By Chuck Sudo in News on Jan 24, 2013 9:20PM

DNAInfo Chicago’s Mark Konkol has a sobering report on the number of shootings in Chicago where the shooter doesn’t face criminal charges that, to outside observers, will only reinforce perceptions that the city is like a frontier town with guns being drawn with impunity all the time.

DNAInfo analyzed data from the Police Department and found only 111 of the 1,893 non-lethal shootings reported in 2012 resulted in charges filed against a shooter. The others cases were still open, suspended or “cleared indefinitely,” meaning police were able to identify the shooter but were unable to file charges—a staggering 94 percent. Factoring in cases from 2011 that were resulted in charges and the clearance rate climbs to 18.8 percent, half the national average cited in recent FBI reports on clearance rates.

Police Superintendent Garry McCarthy told Konkol the main reason for that pitiful number is the “no-snitching” rule of the streets.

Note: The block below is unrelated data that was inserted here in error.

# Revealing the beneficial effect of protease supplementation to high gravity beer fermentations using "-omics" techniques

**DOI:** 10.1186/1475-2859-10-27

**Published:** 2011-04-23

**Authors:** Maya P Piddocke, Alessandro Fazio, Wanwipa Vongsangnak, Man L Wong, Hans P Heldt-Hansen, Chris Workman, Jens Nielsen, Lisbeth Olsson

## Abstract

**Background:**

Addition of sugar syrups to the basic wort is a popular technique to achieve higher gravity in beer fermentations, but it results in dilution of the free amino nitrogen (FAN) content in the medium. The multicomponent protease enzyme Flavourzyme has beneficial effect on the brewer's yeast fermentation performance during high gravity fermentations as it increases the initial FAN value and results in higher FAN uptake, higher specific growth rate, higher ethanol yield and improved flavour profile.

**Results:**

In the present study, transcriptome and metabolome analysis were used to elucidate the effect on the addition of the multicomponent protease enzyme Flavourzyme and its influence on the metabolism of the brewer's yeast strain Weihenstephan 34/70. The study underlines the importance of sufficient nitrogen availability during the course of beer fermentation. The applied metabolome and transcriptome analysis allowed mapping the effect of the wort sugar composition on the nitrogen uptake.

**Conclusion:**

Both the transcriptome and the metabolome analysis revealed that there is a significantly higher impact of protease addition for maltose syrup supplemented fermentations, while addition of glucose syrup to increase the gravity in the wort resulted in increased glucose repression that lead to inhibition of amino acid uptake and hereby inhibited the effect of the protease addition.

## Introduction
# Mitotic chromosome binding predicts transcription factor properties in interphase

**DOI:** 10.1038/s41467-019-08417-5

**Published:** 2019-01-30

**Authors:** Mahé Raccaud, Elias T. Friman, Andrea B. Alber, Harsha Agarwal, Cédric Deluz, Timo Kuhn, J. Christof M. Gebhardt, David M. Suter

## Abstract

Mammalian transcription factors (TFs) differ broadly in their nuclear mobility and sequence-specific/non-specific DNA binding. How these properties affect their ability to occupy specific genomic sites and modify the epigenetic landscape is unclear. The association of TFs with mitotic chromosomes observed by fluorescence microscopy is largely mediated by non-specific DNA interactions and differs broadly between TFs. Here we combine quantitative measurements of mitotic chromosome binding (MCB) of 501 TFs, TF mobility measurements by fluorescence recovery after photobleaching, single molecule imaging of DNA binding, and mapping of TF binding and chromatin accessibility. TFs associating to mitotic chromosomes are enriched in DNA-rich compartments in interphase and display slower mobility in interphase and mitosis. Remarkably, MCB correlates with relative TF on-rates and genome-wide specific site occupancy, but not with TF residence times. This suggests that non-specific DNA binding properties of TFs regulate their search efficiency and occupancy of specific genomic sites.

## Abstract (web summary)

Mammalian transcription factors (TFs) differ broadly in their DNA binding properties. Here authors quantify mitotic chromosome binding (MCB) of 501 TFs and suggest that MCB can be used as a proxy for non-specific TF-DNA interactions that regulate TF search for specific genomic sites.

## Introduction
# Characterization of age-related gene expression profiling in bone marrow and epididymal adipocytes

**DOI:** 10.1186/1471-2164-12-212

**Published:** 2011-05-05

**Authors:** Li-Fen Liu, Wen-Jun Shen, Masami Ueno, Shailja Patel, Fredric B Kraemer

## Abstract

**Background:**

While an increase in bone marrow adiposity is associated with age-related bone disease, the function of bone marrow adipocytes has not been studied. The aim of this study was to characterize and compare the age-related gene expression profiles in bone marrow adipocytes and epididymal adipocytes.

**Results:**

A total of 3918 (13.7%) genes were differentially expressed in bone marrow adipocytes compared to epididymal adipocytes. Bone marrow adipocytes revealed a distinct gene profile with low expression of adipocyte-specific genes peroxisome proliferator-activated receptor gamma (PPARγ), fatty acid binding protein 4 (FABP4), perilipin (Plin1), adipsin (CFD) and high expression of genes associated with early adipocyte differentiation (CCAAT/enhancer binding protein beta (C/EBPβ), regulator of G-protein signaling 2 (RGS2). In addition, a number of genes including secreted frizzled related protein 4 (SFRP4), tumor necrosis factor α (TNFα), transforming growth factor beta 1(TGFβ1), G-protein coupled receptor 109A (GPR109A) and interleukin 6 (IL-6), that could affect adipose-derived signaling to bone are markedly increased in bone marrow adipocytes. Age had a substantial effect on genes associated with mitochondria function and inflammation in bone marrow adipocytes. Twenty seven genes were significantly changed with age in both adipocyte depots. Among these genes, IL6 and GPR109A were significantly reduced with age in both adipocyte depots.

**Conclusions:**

To make cases prosecutable we need cooperative witnesses — and those go out the window right up front. We have a victim today who is an offender tomorrow. It's a vicious circle. There are a lot of people who are not going to cooperate," he said. "That's why we have to take on the no-snitch issue."

Earlier this month McCarthy floated the idea of enlisting local celebrities in a campaign aimed at easing the stigma of “snitching.” But he also allowed that the Police Department’s reputation for not using kid gloves, exemplified by the systemic pattern of torture practiced by now-imprisoned former police commander Jon Burge, has also contributed to the “no snitching” code.

"We have gotten black eyes recently based on incidents that happened long before we got here," he said. "Early in the 90s, you name the scandal, they're all coming to fruition now. The fact is, I can't fix that. I can't go back and change what happened with Jon Burge. But what I can do is focus on the behavior of our officers today."

Former Police Superintendent Jody Weis said the numbers are such that an independent study may be warranted to determine the causes of this and recommendations to clear more cases.